The order of events is something that might make sense in a Pedro Almodovar or Wes Anderson film, yet Gerwig’s filmmaking possesses none of Almodovar’s stylized zaniness or Anderson’s diorama artifice. She plays it straight. Gerwig juxtaposes moments like this throughout the film, certainly sometimes for a laugh, but never with hint of irony or remove. Over the Brion track, what follows is a deceptively breezy montage that, in just a few minutes, amusingly introduces us to over a dozen significant characters and another 15 relationships. This accomplishment from an exposition standpoint is mind boggling, but it is thoroughly entertaining and more importantly visually introduces us to major conflicts — the cause of unspoken tension with her best friend, Lady Bird’s uneasy relationship with religion, and many more — that resonate and deepen as the film unspools.
This is Howard Hawks-level work. Gerwig is driving 200mph around hairpin turns, humming a song and making it look and feel like a stroll in the park. “Lady Bird” is every inch as painstakingly planned out and precise in its complexity as “Dunkirk,” but without an inch of the directorial flex. To say this is mostly Gerwig’s incredible script is to ignore the tradition — from Billy Wilder to Noah Baumbach — of directors who constantly rewrite until they find unique ways to balance dramatic truth and comedy. For them, the script is like sheet music for the song playing in their head, which are tuned so every note is perfected before being taken to collaborators who must be conducted to play the same piece of music.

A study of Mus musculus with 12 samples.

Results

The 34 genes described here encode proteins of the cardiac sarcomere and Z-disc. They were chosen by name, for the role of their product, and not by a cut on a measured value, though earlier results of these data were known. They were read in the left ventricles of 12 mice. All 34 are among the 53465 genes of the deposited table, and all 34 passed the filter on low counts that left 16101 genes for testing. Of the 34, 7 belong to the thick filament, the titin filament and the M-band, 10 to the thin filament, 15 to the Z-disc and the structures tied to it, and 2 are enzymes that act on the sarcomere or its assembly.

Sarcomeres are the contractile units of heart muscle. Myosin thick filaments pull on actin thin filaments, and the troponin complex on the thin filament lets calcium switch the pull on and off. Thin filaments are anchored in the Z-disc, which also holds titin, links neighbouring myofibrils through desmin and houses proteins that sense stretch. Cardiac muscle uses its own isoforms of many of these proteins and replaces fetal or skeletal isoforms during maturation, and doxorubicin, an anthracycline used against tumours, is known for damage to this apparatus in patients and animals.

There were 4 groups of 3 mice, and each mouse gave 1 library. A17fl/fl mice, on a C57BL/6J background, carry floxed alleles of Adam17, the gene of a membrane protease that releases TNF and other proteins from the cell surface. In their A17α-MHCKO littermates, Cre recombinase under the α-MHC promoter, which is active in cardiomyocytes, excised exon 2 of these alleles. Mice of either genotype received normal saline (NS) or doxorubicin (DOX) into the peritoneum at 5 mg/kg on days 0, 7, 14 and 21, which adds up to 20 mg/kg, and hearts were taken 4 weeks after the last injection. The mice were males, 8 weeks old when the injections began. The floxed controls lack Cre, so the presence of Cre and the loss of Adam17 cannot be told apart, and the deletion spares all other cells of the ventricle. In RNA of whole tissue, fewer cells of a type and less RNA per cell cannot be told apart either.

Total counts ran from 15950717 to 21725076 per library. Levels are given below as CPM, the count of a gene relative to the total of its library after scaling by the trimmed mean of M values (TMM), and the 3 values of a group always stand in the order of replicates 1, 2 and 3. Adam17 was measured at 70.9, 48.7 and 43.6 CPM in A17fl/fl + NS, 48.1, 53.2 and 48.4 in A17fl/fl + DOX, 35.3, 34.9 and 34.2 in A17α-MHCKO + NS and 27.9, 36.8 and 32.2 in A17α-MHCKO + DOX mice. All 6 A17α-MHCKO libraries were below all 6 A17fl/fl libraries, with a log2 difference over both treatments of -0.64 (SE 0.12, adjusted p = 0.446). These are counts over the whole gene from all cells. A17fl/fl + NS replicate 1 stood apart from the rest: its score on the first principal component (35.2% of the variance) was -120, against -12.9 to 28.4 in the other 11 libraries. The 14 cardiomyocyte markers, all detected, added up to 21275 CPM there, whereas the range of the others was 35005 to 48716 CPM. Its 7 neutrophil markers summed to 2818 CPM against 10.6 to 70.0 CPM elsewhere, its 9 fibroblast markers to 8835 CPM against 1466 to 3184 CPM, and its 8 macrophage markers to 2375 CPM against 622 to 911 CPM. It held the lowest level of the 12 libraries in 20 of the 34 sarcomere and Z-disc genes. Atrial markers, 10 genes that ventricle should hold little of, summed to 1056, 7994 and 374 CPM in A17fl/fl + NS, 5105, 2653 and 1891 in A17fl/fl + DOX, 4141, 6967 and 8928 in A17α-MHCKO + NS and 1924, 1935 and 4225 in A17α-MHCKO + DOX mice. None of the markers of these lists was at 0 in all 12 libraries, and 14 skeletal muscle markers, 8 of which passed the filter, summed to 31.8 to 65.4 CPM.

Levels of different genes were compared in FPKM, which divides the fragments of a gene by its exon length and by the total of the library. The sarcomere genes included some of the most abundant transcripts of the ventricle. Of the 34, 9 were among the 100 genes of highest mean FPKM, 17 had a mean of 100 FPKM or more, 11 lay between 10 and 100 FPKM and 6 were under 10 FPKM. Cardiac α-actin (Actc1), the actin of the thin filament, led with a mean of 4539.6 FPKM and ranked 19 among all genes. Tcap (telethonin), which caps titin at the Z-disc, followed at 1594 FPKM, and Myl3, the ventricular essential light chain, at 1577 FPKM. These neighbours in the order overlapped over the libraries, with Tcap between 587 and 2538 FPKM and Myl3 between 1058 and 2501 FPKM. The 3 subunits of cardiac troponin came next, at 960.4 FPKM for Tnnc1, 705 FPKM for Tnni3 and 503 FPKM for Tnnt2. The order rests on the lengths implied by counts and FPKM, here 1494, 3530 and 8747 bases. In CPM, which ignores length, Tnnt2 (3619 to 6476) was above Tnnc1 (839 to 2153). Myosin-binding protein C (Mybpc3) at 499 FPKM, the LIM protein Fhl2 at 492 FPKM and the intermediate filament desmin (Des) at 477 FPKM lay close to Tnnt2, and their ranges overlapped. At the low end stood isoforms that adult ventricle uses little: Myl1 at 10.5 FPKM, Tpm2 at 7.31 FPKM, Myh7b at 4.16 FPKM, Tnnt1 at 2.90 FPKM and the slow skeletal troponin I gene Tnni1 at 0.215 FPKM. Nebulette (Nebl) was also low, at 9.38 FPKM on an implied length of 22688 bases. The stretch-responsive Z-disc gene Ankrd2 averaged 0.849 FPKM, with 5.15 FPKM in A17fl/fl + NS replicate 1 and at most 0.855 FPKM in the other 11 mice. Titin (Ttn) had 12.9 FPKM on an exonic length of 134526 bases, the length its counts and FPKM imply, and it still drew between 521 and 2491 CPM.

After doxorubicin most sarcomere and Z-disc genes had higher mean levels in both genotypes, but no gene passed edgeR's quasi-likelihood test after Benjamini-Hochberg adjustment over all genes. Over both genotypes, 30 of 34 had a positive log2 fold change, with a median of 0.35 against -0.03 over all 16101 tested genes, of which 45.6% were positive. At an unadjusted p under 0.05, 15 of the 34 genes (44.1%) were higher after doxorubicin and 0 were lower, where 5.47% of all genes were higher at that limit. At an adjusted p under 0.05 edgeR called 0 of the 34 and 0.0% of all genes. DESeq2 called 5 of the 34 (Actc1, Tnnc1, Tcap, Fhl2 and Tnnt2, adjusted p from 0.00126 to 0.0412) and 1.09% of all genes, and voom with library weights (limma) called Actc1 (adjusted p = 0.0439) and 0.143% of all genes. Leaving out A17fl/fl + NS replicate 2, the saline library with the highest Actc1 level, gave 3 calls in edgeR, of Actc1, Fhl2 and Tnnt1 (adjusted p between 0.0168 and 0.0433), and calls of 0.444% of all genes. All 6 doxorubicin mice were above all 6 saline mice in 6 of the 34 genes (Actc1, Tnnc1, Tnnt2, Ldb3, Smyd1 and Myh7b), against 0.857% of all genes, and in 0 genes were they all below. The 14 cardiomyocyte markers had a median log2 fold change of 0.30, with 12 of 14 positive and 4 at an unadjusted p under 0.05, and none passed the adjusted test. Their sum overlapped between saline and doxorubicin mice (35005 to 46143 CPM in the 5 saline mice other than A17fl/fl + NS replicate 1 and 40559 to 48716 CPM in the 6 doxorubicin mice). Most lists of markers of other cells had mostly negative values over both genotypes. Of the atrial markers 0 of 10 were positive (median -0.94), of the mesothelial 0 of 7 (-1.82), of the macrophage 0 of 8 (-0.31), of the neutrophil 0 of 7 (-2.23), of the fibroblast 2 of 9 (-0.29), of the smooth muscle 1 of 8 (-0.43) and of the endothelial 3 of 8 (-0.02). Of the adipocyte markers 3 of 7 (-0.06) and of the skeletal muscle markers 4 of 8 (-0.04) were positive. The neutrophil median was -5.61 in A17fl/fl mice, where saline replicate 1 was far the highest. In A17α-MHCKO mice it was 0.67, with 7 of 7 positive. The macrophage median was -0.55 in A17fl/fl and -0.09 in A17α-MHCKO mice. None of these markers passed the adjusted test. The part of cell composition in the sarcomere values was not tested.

Has anyone here seen Three Billboards? It got slammed hard on the NPR podcasts Code Switch and Pop Culture Happy Hour. I was curious if people here found it racially problematic.
I saw it last night. I didn't like it as much as I thought I would. I read some critiques. I don't agree with all of it, but I did find parts of it problematic. Apart from that, I wasn't a big fan of the style, dialogue, or characterizations (though I hear they're more accurate than we think).
Meryl Streep and Tom Hanks were not nominated for SAG awards, but Margo Robbie was. Stunning!
I have not seen I, Tonya yet, but it baffles me that someone playing Tonya would be better than the nuanced performance of Meryl Streep in The Post.
BTW I don't find the Oscars that interesting anymore. There are so many different awards that by Oscar time there is very little suspense about the winners. Of course last year they made it more 'interesting' by announcing the wrong film for Best Picture.